In the early years of the 1940s, as the nation's young men ship off to war, the call goes out for builders of the machinery necessary to defeat the enemy. To this purpose, a city has sprung up seemingly overnight in the windswept fields of Oklahoma: the Van Damme airplane factory, a gargantuan complex dedicated to the construction of the B-30 Pax, the largest bomber ever built. Laborers—some men, but mostly women, many of whom have never operated a rivet gun or held a screwdriver—flock to this place, eager to earn, to grow, to do their part. Many are away from home for the very first time, enticed by the opportunity to be something more than wife and homemaker. In the middle of nowhere they will live, work, and earn their own money, fearing for the safety of their absent fighting men as the world around them changes forever.
Vi, with her gun of a pitching arm, finds Van Damme after fleeing a dying ranch and a stubborn, broken father to chase a future built on something stronger than poison earth. Connie, once fragile and helpless, follows an unfaithful husband here with their little boy in tow—and inadvertently discovers who she is and what she's capable of achieving. Before Diane can enter the factory's gates, the restless young woman must leave behind the hot music and soldier boys she followed, taking a sudden, bold, and dangerous step in pursuit of something different, adult, and real.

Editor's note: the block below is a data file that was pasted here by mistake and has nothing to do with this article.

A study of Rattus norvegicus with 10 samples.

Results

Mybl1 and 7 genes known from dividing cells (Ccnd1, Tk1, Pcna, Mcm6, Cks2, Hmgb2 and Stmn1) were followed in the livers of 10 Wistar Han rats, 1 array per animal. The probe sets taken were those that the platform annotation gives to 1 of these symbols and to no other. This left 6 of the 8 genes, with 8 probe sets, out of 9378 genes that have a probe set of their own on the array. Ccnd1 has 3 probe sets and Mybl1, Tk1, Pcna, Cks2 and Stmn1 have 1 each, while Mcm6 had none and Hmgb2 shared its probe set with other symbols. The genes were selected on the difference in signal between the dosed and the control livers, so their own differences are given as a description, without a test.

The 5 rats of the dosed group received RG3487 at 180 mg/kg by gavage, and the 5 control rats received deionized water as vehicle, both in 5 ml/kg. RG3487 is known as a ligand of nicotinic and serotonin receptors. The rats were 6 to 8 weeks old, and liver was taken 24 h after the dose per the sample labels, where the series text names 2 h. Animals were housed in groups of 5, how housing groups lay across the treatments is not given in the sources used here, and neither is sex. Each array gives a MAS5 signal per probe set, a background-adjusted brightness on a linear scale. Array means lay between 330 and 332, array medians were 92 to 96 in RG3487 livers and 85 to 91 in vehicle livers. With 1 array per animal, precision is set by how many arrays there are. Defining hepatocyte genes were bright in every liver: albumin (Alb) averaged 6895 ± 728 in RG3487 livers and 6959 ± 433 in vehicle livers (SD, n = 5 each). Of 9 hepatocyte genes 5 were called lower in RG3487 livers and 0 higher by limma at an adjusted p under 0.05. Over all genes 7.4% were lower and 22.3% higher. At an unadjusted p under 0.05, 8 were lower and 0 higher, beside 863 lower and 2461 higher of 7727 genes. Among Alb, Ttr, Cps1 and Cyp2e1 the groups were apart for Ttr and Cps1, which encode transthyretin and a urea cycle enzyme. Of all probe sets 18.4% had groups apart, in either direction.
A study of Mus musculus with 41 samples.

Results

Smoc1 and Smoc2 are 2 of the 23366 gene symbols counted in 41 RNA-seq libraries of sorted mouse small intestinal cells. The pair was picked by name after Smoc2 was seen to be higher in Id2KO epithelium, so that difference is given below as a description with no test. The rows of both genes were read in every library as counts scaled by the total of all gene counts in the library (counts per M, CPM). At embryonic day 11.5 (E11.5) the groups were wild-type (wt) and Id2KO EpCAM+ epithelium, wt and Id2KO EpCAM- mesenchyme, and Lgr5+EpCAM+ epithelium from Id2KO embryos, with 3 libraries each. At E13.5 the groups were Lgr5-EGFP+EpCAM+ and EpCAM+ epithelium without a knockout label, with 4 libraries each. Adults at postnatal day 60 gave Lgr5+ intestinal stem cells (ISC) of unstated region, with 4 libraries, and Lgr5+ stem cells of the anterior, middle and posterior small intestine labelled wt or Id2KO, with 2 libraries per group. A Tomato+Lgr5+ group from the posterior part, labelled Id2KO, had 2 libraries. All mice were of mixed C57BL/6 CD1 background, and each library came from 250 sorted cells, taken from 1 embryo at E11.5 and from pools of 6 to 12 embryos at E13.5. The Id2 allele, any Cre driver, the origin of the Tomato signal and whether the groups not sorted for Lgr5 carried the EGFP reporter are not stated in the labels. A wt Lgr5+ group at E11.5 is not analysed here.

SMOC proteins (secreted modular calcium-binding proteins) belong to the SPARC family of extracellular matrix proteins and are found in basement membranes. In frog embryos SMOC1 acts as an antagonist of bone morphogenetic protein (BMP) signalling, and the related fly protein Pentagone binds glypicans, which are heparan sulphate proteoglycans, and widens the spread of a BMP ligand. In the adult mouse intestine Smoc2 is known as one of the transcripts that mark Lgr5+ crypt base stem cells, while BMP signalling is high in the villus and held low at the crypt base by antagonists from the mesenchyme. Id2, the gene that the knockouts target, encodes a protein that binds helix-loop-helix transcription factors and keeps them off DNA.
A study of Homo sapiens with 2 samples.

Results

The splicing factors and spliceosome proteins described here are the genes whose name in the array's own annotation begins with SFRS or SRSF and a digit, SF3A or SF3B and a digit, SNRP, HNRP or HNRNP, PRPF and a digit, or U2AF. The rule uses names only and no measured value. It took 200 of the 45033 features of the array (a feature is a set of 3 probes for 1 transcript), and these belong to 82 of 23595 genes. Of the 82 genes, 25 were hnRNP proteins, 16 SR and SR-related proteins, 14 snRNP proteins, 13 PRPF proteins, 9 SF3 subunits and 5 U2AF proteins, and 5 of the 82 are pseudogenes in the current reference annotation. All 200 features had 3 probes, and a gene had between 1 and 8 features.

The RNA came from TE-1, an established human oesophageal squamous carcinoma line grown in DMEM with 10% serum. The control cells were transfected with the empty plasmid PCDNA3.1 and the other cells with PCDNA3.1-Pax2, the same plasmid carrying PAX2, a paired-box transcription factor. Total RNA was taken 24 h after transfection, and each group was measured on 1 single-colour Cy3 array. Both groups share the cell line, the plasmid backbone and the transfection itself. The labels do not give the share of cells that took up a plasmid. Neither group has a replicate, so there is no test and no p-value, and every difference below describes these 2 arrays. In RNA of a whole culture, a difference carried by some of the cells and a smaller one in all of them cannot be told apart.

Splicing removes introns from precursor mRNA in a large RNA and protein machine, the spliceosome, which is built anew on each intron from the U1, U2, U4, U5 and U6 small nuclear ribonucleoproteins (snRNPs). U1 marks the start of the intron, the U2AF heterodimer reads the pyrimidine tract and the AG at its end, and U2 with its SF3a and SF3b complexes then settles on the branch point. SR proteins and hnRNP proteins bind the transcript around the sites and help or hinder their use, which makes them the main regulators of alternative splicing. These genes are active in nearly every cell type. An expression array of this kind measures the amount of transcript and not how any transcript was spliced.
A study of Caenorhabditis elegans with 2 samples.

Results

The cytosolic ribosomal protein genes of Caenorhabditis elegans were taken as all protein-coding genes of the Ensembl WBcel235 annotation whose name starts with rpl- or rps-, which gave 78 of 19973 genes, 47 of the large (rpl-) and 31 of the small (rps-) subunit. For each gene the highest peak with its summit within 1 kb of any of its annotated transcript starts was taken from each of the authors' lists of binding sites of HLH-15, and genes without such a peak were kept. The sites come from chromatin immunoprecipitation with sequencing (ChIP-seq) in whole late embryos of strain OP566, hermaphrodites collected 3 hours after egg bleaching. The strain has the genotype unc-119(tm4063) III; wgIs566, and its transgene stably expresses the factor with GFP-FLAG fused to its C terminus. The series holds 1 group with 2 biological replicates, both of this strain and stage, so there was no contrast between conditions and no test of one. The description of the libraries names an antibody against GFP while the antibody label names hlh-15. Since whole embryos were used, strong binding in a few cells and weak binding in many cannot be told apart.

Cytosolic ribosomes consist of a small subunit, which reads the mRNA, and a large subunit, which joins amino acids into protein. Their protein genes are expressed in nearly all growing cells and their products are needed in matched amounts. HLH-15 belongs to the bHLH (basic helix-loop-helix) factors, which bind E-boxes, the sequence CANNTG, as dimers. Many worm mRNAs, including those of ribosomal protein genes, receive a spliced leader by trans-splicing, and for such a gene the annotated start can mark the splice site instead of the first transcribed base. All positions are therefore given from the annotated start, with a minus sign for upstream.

Their journeys will be liberating in ways they couldn't imagine, and will lead each of them to Prosper Olander. Disabled, an artist, a forger, a friend—a surprising lover and compassionate listener—Prosper has followed unlikely opportunity down a painfully twisting path to take his place as the true heart and soul of a temporary city. And before the B-30 Pax takes flight, he will change the lives of four women in profound and unexpected ways.
Destined to stand tall among his previous acclaimed fiction—including Little, Big; The Ægypt Cycle; The Translator; and Lord Byron's Novel—John Crowley's Four Freedoms is perhaps his most heartfelt and compelling novel to date. It is a moving, evocative, and unforgettable saga of wives, mothers, and lovers—of strangers, outcasts, and damaged Quixotes—who, unmoored by conflict's unpredictable tides, find community, purpose, identity, independence . . . and one remarkable man who will touch them all.